She led me into the sanctuary - the rented space seats at least 400 just on the main floor, and there were only about fifty people present. I took a seat and discovered I had arrived just in time for the start of the sermon. Bruce, the pastor, was articulate, friendly and engaging. The service went on from there, not that different from what I experienced growing up Baptist and then attending Anglican churches as an adult. Prayer, Bible readings, hymns and contemporary songs (all familiar to me), sermon, communion, announcements. Across the board, the content was as evangelical as it gets.
In fact, if someone showed you a videotape of the service, leaving out announcements and a few identifying details, you might reasonably think this was any one of the many evangelical churches across our country. In reality, it's the London congregation of the Metropolitan Community Church, a denomination that had its "origins serving gay, lesbian, bisexual and transgendered people" and which has now "become an inclusive and affirming congregation that actively welcomes all people".
Dare I suggest that this church is more evangelical - more full of good news - than evangelical usually gets?
In many churches, there are limits as to who is embraced, barriers keeping some out, conditions one has to meet, beliefs people have to agree with to take part. Here, everyone is welcome, all are embraced, the doors are flung wide open. That's good news! And here, in line with Jesus' model of going to those at the margins of his society, this church is about those at the margin of society - and everyone else - being welcomed and embraced.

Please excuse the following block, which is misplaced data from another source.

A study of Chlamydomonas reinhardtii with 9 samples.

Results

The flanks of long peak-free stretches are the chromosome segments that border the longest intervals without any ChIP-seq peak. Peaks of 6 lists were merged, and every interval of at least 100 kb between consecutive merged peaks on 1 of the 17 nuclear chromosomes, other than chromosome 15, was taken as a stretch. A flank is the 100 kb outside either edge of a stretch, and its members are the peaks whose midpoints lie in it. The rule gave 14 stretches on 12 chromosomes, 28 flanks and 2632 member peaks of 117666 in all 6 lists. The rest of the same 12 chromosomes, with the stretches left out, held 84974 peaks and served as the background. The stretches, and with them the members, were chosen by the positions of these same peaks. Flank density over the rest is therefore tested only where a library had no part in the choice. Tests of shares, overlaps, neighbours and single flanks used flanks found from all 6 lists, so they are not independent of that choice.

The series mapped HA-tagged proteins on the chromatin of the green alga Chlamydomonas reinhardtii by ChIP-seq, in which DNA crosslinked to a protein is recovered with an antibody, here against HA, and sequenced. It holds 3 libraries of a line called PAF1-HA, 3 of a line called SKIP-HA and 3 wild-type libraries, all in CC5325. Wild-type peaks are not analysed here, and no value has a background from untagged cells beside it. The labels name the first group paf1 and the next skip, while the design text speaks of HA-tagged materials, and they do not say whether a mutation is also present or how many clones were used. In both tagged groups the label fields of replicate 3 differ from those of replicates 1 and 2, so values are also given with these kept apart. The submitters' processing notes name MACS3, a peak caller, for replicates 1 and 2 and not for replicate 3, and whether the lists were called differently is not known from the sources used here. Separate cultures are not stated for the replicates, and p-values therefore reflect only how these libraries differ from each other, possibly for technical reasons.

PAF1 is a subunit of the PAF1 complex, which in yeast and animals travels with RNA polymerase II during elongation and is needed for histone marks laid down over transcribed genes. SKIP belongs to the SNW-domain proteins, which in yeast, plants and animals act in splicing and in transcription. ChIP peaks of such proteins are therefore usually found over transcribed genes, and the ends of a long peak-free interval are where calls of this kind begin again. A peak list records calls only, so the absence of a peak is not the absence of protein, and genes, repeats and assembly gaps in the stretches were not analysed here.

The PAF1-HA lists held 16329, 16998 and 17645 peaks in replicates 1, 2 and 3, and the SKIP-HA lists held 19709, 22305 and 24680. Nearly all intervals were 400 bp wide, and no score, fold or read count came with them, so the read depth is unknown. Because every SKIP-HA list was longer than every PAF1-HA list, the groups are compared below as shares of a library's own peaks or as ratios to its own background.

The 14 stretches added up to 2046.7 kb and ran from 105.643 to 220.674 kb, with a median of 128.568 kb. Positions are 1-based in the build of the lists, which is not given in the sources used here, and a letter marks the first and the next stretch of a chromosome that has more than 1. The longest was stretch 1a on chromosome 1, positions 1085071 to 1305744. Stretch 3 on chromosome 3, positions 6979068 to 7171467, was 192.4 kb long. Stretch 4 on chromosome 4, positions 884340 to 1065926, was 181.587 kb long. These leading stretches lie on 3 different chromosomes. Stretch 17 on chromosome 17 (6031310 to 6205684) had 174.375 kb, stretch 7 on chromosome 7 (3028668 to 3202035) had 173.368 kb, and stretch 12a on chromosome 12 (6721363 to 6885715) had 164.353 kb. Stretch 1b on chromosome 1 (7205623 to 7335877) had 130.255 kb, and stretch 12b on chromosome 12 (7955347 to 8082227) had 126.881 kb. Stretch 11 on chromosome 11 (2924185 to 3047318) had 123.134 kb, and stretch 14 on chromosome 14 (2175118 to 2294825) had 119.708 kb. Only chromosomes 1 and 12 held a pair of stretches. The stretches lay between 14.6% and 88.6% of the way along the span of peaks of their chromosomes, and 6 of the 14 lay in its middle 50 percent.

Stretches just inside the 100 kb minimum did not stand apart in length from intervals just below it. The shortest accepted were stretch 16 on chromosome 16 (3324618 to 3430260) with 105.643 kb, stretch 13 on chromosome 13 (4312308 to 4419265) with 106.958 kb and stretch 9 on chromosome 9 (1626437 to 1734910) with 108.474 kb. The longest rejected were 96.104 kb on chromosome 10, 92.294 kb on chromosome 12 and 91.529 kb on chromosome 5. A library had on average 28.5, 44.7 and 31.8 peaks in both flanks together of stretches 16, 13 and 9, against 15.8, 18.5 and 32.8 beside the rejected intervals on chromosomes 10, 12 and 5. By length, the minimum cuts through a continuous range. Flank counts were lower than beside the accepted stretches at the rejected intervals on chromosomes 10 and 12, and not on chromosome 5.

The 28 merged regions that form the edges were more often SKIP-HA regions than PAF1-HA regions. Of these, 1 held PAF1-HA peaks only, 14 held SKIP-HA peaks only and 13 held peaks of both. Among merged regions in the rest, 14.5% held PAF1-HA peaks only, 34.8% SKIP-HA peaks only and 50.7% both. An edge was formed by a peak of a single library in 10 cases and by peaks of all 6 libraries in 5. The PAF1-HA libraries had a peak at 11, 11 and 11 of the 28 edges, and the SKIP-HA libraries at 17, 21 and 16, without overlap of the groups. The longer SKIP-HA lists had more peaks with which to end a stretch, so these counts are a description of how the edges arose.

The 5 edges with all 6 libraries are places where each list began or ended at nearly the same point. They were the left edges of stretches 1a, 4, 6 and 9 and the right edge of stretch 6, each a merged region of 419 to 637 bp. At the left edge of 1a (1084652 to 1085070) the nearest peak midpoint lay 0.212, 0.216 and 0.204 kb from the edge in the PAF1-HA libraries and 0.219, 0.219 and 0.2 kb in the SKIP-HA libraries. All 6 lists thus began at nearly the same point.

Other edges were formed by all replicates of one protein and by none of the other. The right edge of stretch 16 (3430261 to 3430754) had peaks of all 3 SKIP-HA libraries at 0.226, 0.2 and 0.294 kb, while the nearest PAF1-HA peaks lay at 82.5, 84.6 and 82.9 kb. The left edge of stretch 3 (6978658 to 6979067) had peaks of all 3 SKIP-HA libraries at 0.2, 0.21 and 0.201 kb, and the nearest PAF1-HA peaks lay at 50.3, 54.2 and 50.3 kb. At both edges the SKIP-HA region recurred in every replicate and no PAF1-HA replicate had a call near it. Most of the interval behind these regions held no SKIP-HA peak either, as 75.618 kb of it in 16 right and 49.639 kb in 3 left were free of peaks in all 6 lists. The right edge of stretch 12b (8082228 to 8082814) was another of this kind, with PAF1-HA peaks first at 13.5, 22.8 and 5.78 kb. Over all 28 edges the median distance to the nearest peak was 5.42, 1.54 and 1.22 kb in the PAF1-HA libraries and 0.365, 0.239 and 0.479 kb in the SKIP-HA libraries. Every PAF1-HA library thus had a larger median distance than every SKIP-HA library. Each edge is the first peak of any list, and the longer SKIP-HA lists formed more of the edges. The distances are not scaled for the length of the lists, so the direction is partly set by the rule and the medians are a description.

The service itself was anti-climactic. It didn't have the showiness of seeker churches, the cool of hipster services, or the fervor of an old-fashioned tent revival. Sorry to break it to you, but it wasn't fabulously gay either. Embrace of all of God's creation with a focus on Jesus doesn't make for an exciting church; it makes for a local body of Christ where "come as you are" is real rather than a trite saying, where "just as I am" applies to everyone, where our common need for Jesus' love and God's mercy levels the ground beneath us, where we meet together to praise God and together learn what it means to be apprentices of Jesus.
One thing did stand out about the service, something that in my years of church life I've not seen before. During communion, after the priest or helper gave the bread and wine to the parishioner, they also gave a blessing. Not a simple "Lord bless you and keep you" or similar phrase and then on to the next person. Instead, they put their arms around each and every parishioner and said a prayer of blessing, different for each person.
Seeing this, and as it came closer to my turn to receive communion, I wondered if I as an outsider would also be given a blessing. I was, and part of it included these words: "May the love you experience here travel with you wherever you go."